Sacramento Mayor Kevin Johnson is asking for a restraining order against the city of Sacramento in an attempt to stop the release of emails regarding legal issues with the National Conference of Black Mayors.
Last month, the Sacramento News and Review, as well as other media agencies, filed a public records request to get the emails sent by Johnson that involve the NCBM.
Johnson was the president of the NCBM May 30, 2013, through May 8, 2014.
The city of Sacramento’s attorney found that the emails were public record and is planning to release the emails on July 6.
Johnson claims that the emails are protected by attorney-client and work product privileges, and should therefore not be released to the Sacramento News and Review or any other media agency.
The mayor’s spokesperson, Ben Sosenko, said the emails in question contain information pertaining to ongoing litigation. Sosenko said he thinks a judge will agree that Johnson is entitled to attorney-client privilege, just like any other citizen.
Johnson’s attorney Peter Haviland issued the following statement:
“No responsible journalist nor attorney disputes that the attorney-client privilege is a bedrock of America’s civil society. Public records requests are not intended to violate that privilege and the law does not allow disclosure of attorney-client privileged materials pursuant to public records requests. The Sacramento Bee, who is a participant in the records request, agrees.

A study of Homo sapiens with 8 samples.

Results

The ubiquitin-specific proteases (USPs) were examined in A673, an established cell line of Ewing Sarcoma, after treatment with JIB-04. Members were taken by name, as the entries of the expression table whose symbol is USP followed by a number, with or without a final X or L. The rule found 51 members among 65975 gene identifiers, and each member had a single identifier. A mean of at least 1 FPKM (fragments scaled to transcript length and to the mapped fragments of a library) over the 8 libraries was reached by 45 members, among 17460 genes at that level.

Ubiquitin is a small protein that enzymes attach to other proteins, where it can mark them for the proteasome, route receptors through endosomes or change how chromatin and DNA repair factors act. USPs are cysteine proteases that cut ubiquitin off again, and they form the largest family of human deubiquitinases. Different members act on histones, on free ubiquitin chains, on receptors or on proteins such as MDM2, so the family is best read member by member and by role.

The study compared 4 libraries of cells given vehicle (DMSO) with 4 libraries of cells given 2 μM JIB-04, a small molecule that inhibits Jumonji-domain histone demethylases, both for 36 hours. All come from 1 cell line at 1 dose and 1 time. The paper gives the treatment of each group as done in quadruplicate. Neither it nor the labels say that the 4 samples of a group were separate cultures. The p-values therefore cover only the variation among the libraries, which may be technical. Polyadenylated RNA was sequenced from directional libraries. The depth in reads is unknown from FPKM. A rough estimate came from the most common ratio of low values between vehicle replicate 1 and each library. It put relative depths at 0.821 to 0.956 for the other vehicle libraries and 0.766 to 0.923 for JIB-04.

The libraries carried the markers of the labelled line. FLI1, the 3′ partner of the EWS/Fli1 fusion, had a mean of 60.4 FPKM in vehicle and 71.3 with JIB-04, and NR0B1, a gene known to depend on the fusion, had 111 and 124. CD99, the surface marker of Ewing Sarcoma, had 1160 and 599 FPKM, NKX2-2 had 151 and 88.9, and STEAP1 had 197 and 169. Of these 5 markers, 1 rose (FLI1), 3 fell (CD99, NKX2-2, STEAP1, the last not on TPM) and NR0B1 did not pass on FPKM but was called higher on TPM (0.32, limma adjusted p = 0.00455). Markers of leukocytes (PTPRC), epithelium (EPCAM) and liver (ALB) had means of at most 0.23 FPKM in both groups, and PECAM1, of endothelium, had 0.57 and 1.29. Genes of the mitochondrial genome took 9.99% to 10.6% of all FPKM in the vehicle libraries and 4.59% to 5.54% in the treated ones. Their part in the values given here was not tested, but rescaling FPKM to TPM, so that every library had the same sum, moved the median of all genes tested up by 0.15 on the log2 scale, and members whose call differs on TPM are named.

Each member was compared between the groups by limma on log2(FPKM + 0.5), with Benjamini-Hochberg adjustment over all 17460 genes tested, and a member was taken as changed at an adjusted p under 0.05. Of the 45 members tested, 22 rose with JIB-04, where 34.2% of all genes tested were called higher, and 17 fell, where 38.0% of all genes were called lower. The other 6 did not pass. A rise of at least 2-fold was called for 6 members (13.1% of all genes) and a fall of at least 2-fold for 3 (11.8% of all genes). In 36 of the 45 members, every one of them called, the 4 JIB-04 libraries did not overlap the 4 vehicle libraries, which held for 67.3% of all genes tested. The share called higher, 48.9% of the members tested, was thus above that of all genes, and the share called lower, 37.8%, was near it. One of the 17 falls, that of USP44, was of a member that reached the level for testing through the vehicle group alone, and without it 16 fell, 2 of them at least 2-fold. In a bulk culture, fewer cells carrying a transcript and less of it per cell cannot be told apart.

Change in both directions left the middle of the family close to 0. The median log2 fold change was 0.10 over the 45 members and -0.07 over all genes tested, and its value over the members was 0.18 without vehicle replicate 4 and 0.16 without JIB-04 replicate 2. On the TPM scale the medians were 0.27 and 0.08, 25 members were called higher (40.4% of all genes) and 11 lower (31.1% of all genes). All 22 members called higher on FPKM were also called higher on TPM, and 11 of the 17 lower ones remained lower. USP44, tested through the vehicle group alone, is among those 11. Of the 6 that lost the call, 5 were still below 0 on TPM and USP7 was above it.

The writ petition filed today by the National Conference of Black Mayors, the Chapter 7 Trustee for the Estate of the National Conference of Black Mayors, and Mayor Kevin Johnson in his capacity as former President of the National Conference of Black Mayors, is not a lawsuit against anyone for damages nor is it an action to prevent the release of public records. It is only a “writ”—a common and simple procedure designed to protect attorney-client privileged documents.
All of the parties who filed this writ, including Mayor Kevin Johnson, are committed to transparency and disclosure of all appropriate public records. They are equally committed to the bedrock principle of attorney-client privilege, which is recognized in the public records request statute.”
The Sacramento News and Review alleges that Johnson used city staff for NCBM matters and used private Gmail accounts for city business.
You can read the legal documents provided to FOX40 below.